Coalition for LGBTQ+  disappointed at High Court ruling on same sex case
Dane Lewis
News
February 20, 2024
Coalition for LGBTQ+ disappointed at High Court ruling on same sex case

The Caribbean Forum for Liberation and Acceptance of Genders and Sexualities (CariFLAGS), said it is disappointed with the ruling last Friday, February 16, 2024 on a High Court ruling on a case challenging this country’s buggery laws. In a statement issued out of Jamaica and dated February 16, 2024, the organisation which is a voice of the lesbian, gay, bi-sexual, trans-gender and queer + community said: Last Friday, February 16, 2024, Justice Lorene Esco Henry of the High Court of St. Vincent and the Grenadines, ruled that she did not find sufficient evidence to overturn the country’s laws criminalising same-sex intimacy on grounds that they constituted a breach of human rights. The Court also concluded that the claimants did not meet the threshold required to give them legal standing.

Not only is this decision deeply disappointing, it is also in stark contrast to recent rulings in Belize, Trinidad and Tobago, Antigua and Barbuda, St. Kitts and Nevis, and Barbados, where similar laws were declared unconstitutional, based on violations of rights to privacy, personal liberty, freedom of conscience, expression, equality and protection from discrimination.

The oral ruling relied on the outdated notion that laws criminalising same-sex intimacy are required for public health and morality.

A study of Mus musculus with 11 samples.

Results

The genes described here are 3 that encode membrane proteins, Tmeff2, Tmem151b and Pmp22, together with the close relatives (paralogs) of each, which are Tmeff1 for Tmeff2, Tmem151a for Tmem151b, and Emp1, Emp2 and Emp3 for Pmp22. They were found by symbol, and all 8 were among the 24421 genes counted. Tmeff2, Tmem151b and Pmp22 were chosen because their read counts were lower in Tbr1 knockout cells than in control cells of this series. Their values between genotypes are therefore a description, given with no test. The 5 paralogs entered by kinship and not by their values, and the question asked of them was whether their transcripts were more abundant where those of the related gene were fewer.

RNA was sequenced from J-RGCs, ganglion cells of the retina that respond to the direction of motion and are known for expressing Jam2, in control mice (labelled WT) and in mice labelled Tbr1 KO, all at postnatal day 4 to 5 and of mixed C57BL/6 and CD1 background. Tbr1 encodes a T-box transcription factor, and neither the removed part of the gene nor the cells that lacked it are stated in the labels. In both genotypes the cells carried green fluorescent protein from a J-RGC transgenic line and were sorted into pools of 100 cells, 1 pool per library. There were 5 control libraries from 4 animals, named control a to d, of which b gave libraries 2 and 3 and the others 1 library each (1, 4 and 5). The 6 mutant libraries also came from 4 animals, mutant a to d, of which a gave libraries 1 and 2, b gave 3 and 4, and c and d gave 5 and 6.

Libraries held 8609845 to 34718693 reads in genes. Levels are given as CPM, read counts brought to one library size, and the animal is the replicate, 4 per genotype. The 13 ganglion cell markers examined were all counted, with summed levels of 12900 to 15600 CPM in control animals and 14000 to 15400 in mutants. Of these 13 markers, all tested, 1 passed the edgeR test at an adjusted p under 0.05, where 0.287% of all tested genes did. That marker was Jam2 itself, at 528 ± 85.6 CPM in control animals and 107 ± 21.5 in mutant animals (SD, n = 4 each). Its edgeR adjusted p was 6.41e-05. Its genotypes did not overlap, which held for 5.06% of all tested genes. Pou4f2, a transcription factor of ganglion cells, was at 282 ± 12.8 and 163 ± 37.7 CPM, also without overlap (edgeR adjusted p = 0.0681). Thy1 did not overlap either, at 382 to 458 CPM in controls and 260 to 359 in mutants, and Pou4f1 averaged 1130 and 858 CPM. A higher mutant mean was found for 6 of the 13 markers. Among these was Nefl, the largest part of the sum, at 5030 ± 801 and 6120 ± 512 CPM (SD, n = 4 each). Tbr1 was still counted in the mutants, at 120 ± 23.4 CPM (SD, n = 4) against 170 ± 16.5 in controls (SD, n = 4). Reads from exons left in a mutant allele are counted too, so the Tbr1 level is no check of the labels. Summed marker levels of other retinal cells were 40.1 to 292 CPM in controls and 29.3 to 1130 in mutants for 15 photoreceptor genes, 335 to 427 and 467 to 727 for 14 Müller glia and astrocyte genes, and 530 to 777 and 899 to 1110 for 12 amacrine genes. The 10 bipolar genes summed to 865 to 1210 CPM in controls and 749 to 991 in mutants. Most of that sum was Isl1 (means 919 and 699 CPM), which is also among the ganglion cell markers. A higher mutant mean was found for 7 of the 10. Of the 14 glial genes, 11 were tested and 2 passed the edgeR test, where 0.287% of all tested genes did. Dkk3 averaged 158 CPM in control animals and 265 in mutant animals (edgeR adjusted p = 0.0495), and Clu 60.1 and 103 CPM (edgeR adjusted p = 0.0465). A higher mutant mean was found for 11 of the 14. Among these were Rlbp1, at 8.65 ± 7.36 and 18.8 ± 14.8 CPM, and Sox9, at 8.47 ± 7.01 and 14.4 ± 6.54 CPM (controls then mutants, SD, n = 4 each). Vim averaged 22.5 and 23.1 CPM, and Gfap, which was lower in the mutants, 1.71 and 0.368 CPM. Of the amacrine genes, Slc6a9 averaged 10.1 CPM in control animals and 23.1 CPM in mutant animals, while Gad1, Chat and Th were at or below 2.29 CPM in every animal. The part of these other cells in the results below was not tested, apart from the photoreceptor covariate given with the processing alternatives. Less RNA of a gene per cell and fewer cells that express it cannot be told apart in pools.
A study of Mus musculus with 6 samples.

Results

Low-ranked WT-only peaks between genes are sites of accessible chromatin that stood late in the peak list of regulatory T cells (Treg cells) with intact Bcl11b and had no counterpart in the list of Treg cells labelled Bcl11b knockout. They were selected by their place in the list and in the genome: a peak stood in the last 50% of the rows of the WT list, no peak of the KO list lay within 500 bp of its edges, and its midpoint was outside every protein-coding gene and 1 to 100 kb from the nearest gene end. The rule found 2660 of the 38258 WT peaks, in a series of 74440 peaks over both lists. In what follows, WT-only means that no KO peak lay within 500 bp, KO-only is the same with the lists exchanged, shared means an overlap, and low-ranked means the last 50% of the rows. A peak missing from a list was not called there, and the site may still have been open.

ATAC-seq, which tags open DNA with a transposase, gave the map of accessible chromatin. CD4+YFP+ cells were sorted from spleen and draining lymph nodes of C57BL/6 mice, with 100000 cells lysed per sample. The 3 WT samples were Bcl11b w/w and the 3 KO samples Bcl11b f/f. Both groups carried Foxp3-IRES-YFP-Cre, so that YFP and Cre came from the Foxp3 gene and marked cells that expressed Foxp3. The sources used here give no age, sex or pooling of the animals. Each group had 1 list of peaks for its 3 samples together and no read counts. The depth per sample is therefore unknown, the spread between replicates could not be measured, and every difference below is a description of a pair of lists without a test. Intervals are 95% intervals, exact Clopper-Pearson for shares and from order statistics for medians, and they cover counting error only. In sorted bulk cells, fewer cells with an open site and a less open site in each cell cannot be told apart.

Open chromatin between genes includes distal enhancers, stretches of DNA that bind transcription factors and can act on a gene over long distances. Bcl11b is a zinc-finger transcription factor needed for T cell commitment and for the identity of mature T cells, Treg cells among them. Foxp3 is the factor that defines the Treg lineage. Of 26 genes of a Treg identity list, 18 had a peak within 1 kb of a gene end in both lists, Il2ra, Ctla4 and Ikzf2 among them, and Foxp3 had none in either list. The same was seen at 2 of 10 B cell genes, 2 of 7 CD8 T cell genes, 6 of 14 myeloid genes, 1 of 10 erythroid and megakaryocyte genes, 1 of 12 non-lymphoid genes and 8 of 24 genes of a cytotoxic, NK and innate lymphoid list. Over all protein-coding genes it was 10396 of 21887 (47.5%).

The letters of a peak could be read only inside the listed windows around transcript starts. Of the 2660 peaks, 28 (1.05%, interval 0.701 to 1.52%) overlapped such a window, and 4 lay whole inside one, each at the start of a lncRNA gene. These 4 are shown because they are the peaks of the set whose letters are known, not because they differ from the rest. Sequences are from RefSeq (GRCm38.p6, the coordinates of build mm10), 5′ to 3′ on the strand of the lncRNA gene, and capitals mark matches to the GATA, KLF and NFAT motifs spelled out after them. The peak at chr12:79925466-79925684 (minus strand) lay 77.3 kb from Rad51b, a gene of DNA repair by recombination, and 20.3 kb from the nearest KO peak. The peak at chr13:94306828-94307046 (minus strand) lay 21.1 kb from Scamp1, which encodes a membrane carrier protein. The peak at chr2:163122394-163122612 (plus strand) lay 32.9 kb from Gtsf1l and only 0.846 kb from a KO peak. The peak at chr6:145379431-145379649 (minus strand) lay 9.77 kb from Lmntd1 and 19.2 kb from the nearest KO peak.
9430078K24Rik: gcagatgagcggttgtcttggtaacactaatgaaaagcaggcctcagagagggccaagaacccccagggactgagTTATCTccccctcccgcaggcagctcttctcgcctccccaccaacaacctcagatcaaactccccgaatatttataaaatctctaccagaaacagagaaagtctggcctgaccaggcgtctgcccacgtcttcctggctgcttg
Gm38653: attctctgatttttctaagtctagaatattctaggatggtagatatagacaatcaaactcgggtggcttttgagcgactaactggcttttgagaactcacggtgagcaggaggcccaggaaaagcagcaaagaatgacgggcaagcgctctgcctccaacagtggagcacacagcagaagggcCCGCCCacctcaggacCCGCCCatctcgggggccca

“This is a total fallacy as UNAIDS and other global subject matter experts have shown that these laws only continue to serve as a barrier to healthcare services and fuel stigma and discrimination which propel HIV,” said Dane Lewis, Regional Programme Manager at CariFLAGS.

“Isolation from family members, displacement from home and community; job market discrimination, police brutality and sexual violence against LGBTQ+ persons continue to be some of the realities fuelled by these laws which have created inequalities for LGBTQ+ citizens around the Commonwealth,” Lewis added.

Overwhelmingly, courts across the Caribbean region have ruled that discriminatory laws, including those criminalizing same-sex intimacy and cross-dressing, are a violation of human rights. Every loss, however, continues to disenfranchise LGBTQ+ people, and increases their liability to violence, abuse, prejudice, ostracism and other harmful outcomes. CariFLAGS stands in solidarity with LGBTQ+ persons around the region, who strive for justice on a daily basis and take action to move our respective countries and region forward.

As we observe World Day of Social Justice on February 20 under the theme “Bridging Gaps, Building Alliances,” CariFLAGS renews and amplifies its call to governments in the region to protect the human rights of all Caribbean people. CariFLAGS reiterates its call for the removal of discriminatory criminal laws and encourages decision makers to save lives by creating a more just and tolerant society where everyone has the opportunity to realize the full enjoyment of their rights.